Palm oil is used in everything from cosmetics to food to soap. There is enormous demand for it. But it is hugely controversial because it involves the clearing of tropical rainforests to grow palm oil plantations. This has led to the loss of biodiversity and habitat for under-threat animals such as the orang-utan.
But some companies are signing up to comply with a standard known as "sustainable" palm oil. BBC environment correspondent Claire Marshall explains.
There is a generally-agreed global standard set by the Round Table on Sustainable Palm Oil (RSPO), which is made up of oil palm growers, retailers, NGOs and manufacturers.
To become officially "sustainable", a company pledges not to clear any primary forest, to have transparent supply chains, to check how much carbon they are emitting, to limit planting on peatlands, to treat workers fairly, and create wildlife zones.
Who is using it?
In 2016 75% of the total palm oil imports to the UK were sustainable. Many large retailers and leading brands use it. Chester has declared itself the first sustainable palm oil city in the country.
Why haven't I heard of it before?
According to the largest player in the sustainable palm oil industry, Sime Darby Plantation, the companies that buy it often don't then make it clear on product labels. One reason could be that because palm oil is so controversial few companies want to be linked to it - even if it's sustainable.
What are the problems with it?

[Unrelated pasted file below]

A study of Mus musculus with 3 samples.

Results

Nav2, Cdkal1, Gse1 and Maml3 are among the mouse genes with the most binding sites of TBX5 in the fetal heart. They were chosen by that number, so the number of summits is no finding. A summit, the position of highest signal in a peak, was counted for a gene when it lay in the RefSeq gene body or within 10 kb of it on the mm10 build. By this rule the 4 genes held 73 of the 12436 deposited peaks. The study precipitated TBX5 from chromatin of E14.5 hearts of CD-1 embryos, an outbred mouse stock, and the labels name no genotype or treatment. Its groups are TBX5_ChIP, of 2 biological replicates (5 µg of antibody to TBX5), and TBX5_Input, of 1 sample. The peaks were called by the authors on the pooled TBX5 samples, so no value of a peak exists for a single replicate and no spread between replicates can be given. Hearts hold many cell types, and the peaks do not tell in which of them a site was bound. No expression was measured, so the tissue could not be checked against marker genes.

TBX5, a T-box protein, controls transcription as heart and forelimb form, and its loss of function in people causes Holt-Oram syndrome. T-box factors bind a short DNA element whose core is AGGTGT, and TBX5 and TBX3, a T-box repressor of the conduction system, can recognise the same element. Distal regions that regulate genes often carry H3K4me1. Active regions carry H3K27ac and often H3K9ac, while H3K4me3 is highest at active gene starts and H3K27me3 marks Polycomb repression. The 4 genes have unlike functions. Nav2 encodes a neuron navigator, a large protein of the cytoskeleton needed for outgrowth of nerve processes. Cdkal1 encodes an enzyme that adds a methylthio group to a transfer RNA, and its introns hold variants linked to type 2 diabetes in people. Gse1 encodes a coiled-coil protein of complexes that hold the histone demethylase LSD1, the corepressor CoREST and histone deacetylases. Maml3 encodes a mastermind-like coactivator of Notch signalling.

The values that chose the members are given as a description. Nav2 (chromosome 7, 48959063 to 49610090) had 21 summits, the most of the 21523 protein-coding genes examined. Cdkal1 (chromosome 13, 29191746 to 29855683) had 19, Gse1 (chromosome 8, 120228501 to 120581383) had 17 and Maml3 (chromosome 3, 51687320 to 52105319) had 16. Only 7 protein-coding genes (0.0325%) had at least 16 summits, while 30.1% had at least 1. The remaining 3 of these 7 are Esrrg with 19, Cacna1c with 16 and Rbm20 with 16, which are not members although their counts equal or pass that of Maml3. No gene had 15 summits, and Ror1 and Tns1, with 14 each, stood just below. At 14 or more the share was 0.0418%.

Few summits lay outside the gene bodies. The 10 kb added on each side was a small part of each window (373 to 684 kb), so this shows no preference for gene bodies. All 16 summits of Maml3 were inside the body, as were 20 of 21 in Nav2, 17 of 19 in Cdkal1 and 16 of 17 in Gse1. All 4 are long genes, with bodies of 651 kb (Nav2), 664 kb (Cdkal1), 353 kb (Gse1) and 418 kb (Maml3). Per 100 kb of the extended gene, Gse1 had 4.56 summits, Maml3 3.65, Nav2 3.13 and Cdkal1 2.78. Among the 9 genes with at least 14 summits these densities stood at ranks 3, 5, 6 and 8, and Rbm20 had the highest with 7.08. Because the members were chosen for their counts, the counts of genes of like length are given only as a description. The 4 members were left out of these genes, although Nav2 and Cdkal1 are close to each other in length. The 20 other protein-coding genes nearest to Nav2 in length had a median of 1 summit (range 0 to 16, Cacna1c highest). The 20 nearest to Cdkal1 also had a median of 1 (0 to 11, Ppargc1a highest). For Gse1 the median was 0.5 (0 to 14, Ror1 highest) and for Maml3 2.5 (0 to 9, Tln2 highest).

Several leading environment charities say the rules aren't strict enough and the sanctions aren't strong enough. A recent report by the International Union for the Conservation of Nature said there was "limited evidence of the conservation effectiveness."
So … why not just ban palm oil?
We are unlikely to stop demanding things like ice cream, soap or ready meals. The vast majority of these need vegetable oil to be made - and palm oil is the most productive vegetable oil crop on the planet.
Alternatives are sunflower oil, or rapeseed, or coconut. But palm oil is far more productive, yielding up to ten times more oil from the same amount of land. Put it another way: ten times more land would be needed to grow these other crops to get the same amount of oil.
Most leading environmental charities are not calling for a boycott, saying it would just shift problems to different parts of the world - and maybe make matters worse.
How can I find sustainable palm oil?
It's tricky, because often it's not used. But there is a label.
There is also a free app called Giki, recommended by WWF, where you use a smartphone to scan the barcode.